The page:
What We Wish You Knew About Vermont
Nearly every town in Vermont falls under the designation of small town America. Regardless of the actual size of the town or city — the biggest city in Vermont is Burlington weighing in at a little over 42,000 people — it is the people of Vermont that give it that neighborly feel. Not in the nosey, neighbor way either. People in Vermont simply look out for each other. That friendly, helpful attitude carries over to visitors and should make Vermont a highly desirable vacation spot. However, it has remained a hidden jewel. This is due, in large part, to uninformed misconceptions.
When some think about Vermont, they instantly think of a snowy landscape. While The Green Mountain State does have wonderful snowy vistas in the winter, the state does enjoy all four seasons in all their glory. Fall boasts the changing of the foliage into spectacular pallets of crimson, fiery orange, and yellow. Spring spreads a carpet of wildflowers across the many rolling hills and meadows and plays host to excellent walleye and brook trout fishing.
And yes, Vermont even has a summer. With highs barely touching the 80s, Vermont’s summers are relatively mild compared to more southerly states, but that is not always a bad thing. While Vermont cannot compete with Michigan, it does boast over 60 lakes to enjoy during the state’s moderate summers. There are hiking trails lined with some of the most beautiful vistas and waterways to paddle through the otherwise unreachable glory of hidden landscapes.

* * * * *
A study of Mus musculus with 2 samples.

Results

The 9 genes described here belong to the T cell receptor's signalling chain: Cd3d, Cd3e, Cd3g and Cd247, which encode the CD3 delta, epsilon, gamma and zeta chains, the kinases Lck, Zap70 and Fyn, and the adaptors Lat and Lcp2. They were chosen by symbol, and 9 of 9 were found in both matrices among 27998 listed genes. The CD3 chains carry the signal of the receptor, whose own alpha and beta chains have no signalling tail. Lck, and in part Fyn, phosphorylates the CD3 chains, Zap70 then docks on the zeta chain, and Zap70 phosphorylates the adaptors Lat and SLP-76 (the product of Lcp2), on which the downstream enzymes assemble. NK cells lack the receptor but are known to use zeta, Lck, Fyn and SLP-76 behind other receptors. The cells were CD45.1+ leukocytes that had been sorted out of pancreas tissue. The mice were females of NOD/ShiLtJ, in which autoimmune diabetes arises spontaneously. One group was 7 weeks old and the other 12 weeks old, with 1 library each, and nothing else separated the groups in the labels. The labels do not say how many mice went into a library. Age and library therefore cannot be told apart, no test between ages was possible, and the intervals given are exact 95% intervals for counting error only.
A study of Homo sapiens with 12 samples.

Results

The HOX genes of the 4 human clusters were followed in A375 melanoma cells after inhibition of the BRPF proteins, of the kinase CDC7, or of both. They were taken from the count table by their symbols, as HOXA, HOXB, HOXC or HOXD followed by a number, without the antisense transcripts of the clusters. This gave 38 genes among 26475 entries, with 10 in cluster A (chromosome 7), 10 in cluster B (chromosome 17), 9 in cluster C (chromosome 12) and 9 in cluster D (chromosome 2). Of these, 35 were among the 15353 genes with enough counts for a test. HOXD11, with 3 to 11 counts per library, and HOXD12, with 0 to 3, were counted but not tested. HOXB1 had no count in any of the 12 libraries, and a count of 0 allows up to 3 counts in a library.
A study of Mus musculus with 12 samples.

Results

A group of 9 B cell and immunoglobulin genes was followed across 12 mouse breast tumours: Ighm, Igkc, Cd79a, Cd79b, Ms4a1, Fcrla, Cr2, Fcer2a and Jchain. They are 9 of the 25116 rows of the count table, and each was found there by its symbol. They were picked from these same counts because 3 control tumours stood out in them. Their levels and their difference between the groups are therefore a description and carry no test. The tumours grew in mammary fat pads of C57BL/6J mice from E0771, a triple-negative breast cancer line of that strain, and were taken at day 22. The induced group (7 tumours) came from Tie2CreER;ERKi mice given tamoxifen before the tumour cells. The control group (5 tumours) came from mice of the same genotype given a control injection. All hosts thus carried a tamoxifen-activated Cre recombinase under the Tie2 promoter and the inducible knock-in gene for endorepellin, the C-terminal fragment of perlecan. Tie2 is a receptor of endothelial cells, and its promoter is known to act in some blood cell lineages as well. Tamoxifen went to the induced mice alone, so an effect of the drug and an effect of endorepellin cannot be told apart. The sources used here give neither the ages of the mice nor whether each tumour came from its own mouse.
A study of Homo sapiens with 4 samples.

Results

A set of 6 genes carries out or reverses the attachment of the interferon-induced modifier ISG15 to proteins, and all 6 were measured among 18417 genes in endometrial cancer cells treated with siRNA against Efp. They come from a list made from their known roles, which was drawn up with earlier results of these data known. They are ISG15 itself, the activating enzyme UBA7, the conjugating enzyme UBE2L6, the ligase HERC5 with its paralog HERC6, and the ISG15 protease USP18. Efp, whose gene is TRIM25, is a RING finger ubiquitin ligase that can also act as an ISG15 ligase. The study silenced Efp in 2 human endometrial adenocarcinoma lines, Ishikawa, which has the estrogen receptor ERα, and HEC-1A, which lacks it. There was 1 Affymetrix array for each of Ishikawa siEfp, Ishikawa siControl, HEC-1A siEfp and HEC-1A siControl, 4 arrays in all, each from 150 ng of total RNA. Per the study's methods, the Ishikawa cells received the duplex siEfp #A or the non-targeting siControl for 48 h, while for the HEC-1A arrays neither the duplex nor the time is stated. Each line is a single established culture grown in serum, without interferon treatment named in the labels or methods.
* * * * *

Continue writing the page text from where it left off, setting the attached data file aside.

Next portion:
Another common misconception of Vermont is that it is boring. As author Ruth Burke once said, “Only boring people get bored.” In addition to the kayaking, canoeing, fishing, and hiking mentioned above, Vermont is home to the 50,000 square foot indoor water park know as the Pump House. Open year round, it boasts a 65-foot drop from La Chute and a less than lazy river.
Vermont also boasts a thriving nightlife. Arguably the center of craft brewing in America, Vermont offers a nearly endless list of beers to sample for the first time. Magic Hat in Burlington has been putting on a Mardi Gras festival worth remembering. With an abundance of great clubs and concert venues, you can dance the night away.
If you are looking for something more out of the ordinary, The Rock of Ages in Barre might be right up your alley. This granite quarry is home to a 600-foot deep trench used in the first new Star Trek movie for its alien appearance. You can feel like Fred Flintstone as you throw bowling balls down the world’s only outdoor granite bowling alley. Also, you can sandblast yourself a souvenir.
If that is not off the beaten path enough for you, check out the next two little known things Vermont offers. Lake Champlain puts forward its own version of the Loch Ness Monster with Champ. Sightings go back to the original Native American tribe that lived in that area and continue through to today. Some even report Champ biting them so watch your toes.
Not unusual enough? Try the world’s tallest filing cabinet in Burlington. This 38 feet tall working filing cabinet was made of real filing cabinets welded together. This sculpture has stood since 2002 and gets 4.5 stars on tripadviser.com.
Vermont is full of adventures. Shredding wicked cool snow on one of the five 4,000 foot mountains it boasts is only the beginning. There is always something to do in Vermont. From the laid back pace of maple syrup to the rushing waters of the Missisquoi River, there is nothing dull about Vermont.